In a previous post I looked at the warming outliers in the Acorn network– those sites that had homogenisation adjustments that created a difference of more than +2 degrees Celsius between the Acorn trend and the raw trend in minima. In all of these six examples, the adjustments had created trends that were not just greater than the raw trends at each site, not just the mean of their Acorn neighbours raw data trends, but greater than the Acorn trends of their neighbours, and in all but one, greater than each of the individual Acorn trends of their neighbours.
In this post I consider the opposite scenario. I look at one cooling outlier, Tarcoola in South Australia, where the cooling adjustments have created a difference in trend of -2.81C per 100 years. There is one other, Forrest in W.A., with an enormous cooling adjustment of around -2.14C, but I have little faith in the accuracy of the data there. Greg Geegman suggested in a comment that if a site that is adjusted downwards is cooled relative to the neighbour group, this may indicate the Percentile Matching algorithm operates iteratively, although Technical Report No. 49 does not mention this. An alternative explanation might be that the algorithm is too sensitive and exaggerates necessary adjustments.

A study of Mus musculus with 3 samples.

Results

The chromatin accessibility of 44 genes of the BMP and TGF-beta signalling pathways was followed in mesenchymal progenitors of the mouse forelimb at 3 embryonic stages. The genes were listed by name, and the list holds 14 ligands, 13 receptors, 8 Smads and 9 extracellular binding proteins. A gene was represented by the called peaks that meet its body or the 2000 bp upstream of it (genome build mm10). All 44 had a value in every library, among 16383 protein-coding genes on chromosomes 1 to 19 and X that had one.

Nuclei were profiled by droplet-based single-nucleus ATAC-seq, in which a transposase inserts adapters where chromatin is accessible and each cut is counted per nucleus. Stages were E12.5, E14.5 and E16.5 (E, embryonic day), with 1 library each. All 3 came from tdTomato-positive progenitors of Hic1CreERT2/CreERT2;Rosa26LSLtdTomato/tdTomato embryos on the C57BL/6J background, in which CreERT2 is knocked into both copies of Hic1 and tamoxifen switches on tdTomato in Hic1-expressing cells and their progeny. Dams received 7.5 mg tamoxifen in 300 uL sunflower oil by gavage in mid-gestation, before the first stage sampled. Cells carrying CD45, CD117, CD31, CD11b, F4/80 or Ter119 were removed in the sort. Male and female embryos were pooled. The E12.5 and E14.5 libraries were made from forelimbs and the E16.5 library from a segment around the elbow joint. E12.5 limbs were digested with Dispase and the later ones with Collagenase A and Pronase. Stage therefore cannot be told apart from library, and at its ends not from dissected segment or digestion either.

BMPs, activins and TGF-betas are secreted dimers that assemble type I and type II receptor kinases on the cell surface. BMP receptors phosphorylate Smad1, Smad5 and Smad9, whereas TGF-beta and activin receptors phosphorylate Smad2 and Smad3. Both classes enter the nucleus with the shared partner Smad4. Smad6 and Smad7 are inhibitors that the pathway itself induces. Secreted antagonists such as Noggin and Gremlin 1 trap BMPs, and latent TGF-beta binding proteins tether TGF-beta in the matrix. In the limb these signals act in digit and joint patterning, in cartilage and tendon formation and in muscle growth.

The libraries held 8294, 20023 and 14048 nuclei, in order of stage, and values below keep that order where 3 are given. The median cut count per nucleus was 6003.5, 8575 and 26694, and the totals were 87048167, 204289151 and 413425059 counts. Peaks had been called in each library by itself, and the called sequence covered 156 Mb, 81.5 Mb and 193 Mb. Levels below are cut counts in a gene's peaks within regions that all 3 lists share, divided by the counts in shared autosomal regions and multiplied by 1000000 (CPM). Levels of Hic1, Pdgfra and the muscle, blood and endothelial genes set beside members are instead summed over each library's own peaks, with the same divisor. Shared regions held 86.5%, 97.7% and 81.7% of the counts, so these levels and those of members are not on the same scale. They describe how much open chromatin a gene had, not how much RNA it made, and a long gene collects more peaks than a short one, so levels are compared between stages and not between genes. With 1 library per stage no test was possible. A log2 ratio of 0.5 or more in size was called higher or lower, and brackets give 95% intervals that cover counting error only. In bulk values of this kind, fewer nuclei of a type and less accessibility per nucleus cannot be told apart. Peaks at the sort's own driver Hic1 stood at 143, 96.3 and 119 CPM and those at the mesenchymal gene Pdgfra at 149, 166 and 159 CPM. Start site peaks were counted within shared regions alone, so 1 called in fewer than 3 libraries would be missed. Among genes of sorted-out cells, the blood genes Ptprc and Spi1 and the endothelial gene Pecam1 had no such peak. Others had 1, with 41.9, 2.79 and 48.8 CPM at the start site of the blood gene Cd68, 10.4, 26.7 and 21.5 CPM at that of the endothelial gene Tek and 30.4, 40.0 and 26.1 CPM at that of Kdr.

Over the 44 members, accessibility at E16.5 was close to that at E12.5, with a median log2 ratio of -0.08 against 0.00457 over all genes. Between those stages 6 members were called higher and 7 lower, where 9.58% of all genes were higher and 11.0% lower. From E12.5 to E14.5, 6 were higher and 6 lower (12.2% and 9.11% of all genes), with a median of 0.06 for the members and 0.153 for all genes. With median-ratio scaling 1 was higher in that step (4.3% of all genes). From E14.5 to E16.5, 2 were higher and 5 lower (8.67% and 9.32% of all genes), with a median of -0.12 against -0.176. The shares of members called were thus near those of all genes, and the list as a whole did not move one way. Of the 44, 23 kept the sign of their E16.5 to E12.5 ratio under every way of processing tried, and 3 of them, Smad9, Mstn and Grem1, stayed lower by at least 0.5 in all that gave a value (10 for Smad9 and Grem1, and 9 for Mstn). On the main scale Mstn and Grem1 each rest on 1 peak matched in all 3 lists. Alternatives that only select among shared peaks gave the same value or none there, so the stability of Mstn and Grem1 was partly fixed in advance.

As before, I compare Tarcoola with its neighbours in the Acorn network, using anomalies from the 1961-1990 mean.
Cooler trend than raw. Note the spurious data pre-1930.
Tarcoola appears to need cooling.
Cooler trend than neighbours’ raw
Cooler trend than neighbours Acorn
Tarcoola Acorn trend is also cooler than each of the neighbours’ individual Acorn trends.
So which neighbours were used to make the Tarcoola adjustments?
Both warming and cooling outliers show Acorn adjustments outperforming those of the neighbours. This suggests that the algorithm exaggerates adjustments, both warming and cooling, and needs serious re-examination.